The spa towns of Mid-Wales, strung out along the Heart of Wales rail line between Swansea and Shrewsbury, were once all obscure villages, but with the arrival of the great craze for spas in the early eighteenth century, anywhere with a decent supply of apparently healing water joined in on the act. Royalty and nobility spearheaded the fashion, but the arrival of the railways opened them to all. Today, best of the bunch is undoubtedly the westernmost spa of Llanwrtyd Wells, hunkered down beneath stunning mountain scenery and renowned for its bizarre events. Llandrindod Wells, the most famous spa, attracted the international elite in its Victorian heyday, and has two excellent museums to enjoy. In between, the larger town of Builth Wells was very much the spa of the Welsh working classes and there’s no real reason to stop, except in mid-July when it hosts the absorbing Royal Welsh Show, Britain’s biggest rural jamboree.
Once the most chichi spa resort in Wales, LLANDRINDOD WELLS (Llandrindod) is a pale imitation of its former self. That said, many of its fine Victorian buildings still stand, and there are two superb museums. It was the railway that made Llandrindod, arriving in 1864 and bringing carriages full of well-to-do Victorians to the fledgling spa. The town blossomed, new hotels were built, neat parks were laid out and it came to rival many of the more fashionable spas and resorts over the border. You can sample more than enough of the town’s metallic, salty spa water in Rock Park, where a free chalybeate fountain stands in a glade to the front of the lavish spa pump room (restoration plans are afoot).
The small but entertaining Radnorshire museum evokes the area’s history with exhibits ranging from archeological finds to items from Victorian spa days. Among the pick of these is a Sheela-na-gig, a typically explicit and remarkably well-preserved carved relief of a figure displaying its vulva, which was found in the local parish church, and a log-boat dredged up from the Ifor River in 1929 and thought to date from around 1200 AD.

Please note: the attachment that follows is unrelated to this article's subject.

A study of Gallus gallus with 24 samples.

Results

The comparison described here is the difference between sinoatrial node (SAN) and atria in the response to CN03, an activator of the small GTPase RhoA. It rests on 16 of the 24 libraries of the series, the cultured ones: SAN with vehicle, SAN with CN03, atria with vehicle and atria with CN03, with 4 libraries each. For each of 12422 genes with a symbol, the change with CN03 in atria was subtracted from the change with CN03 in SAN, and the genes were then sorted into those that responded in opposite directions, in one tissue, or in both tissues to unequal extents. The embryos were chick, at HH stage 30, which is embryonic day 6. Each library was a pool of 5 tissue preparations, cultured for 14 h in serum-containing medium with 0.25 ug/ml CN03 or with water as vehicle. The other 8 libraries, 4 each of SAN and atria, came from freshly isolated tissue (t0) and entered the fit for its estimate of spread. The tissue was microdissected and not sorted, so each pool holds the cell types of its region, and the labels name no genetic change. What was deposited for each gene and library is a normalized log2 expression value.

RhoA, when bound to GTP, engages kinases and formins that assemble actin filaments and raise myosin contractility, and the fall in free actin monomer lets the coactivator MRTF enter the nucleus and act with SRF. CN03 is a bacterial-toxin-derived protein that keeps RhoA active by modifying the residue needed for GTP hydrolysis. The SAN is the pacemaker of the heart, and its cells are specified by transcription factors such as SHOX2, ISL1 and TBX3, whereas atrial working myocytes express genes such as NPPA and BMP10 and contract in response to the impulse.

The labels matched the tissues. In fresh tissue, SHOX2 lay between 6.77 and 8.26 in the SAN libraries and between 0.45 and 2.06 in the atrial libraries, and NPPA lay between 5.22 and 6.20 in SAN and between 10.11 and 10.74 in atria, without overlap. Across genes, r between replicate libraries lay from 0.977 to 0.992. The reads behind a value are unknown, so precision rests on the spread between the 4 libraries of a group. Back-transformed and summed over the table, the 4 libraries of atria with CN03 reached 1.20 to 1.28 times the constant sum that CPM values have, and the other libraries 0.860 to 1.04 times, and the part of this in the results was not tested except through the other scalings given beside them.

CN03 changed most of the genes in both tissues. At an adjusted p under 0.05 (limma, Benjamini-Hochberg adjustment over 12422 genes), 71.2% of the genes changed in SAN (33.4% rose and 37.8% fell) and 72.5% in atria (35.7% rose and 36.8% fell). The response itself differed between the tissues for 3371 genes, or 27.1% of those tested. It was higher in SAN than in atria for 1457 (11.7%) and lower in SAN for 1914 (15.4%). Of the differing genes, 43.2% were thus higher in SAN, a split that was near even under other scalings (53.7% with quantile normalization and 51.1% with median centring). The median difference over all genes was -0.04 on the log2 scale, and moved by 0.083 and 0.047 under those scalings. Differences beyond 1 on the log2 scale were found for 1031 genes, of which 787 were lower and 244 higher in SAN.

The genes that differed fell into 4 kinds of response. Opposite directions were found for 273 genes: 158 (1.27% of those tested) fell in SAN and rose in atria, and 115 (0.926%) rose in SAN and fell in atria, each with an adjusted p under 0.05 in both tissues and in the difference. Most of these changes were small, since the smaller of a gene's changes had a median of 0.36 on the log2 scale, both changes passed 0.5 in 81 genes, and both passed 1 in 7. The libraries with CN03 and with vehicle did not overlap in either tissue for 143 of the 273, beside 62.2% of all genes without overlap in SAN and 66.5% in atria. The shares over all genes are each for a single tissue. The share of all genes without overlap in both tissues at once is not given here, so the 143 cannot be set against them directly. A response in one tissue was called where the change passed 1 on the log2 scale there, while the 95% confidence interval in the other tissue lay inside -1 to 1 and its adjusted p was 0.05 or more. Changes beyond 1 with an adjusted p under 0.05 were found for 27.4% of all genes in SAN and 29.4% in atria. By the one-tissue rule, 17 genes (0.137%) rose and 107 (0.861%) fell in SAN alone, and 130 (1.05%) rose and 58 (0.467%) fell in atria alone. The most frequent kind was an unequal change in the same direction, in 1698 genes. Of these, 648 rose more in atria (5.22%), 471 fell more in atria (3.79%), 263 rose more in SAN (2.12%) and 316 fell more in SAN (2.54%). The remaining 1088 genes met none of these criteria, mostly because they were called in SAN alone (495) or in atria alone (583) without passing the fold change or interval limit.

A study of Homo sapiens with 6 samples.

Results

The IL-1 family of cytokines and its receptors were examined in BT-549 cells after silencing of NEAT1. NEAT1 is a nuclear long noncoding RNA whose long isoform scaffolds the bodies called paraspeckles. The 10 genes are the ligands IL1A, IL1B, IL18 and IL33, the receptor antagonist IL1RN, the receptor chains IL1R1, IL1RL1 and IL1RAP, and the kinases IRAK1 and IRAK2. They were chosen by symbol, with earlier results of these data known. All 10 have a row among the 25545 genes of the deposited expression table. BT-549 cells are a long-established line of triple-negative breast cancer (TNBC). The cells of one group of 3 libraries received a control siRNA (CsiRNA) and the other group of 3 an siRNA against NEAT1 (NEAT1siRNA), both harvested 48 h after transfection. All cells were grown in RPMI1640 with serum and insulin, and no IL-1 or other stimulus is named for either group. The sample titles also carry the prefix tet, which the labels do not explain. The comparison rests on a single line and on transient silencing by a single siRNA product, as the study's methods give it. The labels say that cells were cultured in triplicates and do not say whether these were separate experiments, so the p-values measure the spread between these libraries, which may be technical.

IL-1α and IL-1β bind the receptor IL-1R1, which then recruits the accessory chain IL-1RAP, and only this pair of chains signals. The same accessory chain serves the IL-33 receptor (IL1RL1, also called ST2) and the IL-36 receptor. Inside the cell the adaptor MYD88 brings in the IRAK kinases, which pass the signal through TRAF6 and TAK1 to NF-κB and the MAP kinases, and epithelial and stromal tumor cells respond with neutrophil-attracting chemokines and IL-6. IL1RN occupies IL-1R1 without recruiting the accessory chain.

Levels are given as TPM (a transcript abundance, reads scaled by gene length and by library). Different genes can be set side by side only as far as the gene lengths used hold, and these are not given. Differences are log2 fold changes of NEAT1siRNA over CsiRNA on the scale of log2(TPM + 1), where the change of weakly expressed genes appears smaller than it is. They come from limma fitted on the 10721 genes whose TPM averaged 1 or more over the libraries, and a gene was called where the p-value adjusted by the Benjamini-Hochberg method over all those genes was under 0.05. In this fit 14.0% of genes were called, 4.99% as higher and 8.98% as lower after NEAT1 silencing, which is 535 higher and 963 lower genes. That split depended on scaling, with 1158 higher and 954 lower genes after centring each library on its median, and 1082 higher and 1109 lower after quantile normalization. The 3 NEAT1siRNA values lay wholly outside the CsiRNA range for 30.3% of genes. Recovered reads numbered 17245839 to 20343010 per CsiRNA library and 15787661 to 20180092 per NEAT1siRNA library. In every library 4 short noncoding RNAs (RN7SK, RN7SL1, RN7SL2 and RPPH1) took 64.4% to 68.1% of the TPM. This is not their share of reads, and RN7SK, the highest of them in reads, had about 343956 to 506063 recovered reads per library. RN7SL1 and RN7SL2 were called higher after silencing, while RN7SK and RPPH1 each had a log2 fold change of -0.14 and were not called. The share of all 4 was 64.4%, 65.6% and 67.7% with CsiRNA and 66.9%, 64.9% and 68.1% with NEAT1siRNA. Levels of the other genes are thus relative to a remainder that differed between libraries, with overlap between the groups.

The National Cycle Collection is a nostalgic collection of more than 280 bikes, ranging from a reproduction 1818 hobbyhorse to relatively modern folding bikes and choppers, including some contraptions that look far too uncomfortable to have been a success. The museum also holds some notable machinery, including the bike belonging to serial record-breaking time trialist Eileen Sheridan, and the reserve bike and racing skin belonging to 1992 Olympic gold medallist Chris Boardman.
Of the four spa towns, LLANWRTYD WELLS, twenty miles northwest of Brecon, is the most appealing. This was where the Welsh – Dyfed farmers along with Nonconformist middle classes from Glamorgan – flocked to the great eisteddfodau (festivals of Welsh music, dance and poetry) in the valley of the River Irfon; today, it’s the Welsh capital of wacky events.
In town, Dolecoed Road winds for half a mile along the river to the Dolecoed Hotel, built near the spa’s original sulphurous spring. Although the distinctive aroma had been noted in the area for centuries, it was truly “discovered” in 1732 by the local priest, Theophilus Evans, who drank from an evil-smelling spring after seeing a rudely healthy frog pop out of it. The spring, named Ffynnon Drewllyd (Stinking Well), bubbles up amongst the dilapidated spa buildings a hundred yards behind the hotel.
From the riverside hamlet of ABERGWESYN, you can drive the quite magnificent winding thread of an ancient cattle-drovers’ road – the Abergwesyn Pass – up the perilous Devil’s Staircase and through dense conifer forests to miles of wide, desolate valleys where sheep graze unhurriedly. At the little bridge over the tiny Tywi River, a track heads south past an isolated, gas-lit hostel at DOLGOCH. Remote paths lead from the hostel through the forests and hillsides to the exquisitely isolated chapel at Soar-y-Mynydd and over the mountains to the next hostel at TYNCORNEL, five miles from Dolgoch.
Of Llanwrtyd Wells’ various quirky events, three stand out: in mid-June, the Man Versus Horse marathon, a punishing 22-mile endurance test between man and beast over various types of terrain; at the end of August, the world bog-snorkelling championships, in which competitors must complete two lengths of a water-filled trench cut through a peat bog; and in November, the Real Ale Wobble, an event for the somewhat less serious-minded cyclist, that involves two days of combined mountain biking and beer drinking.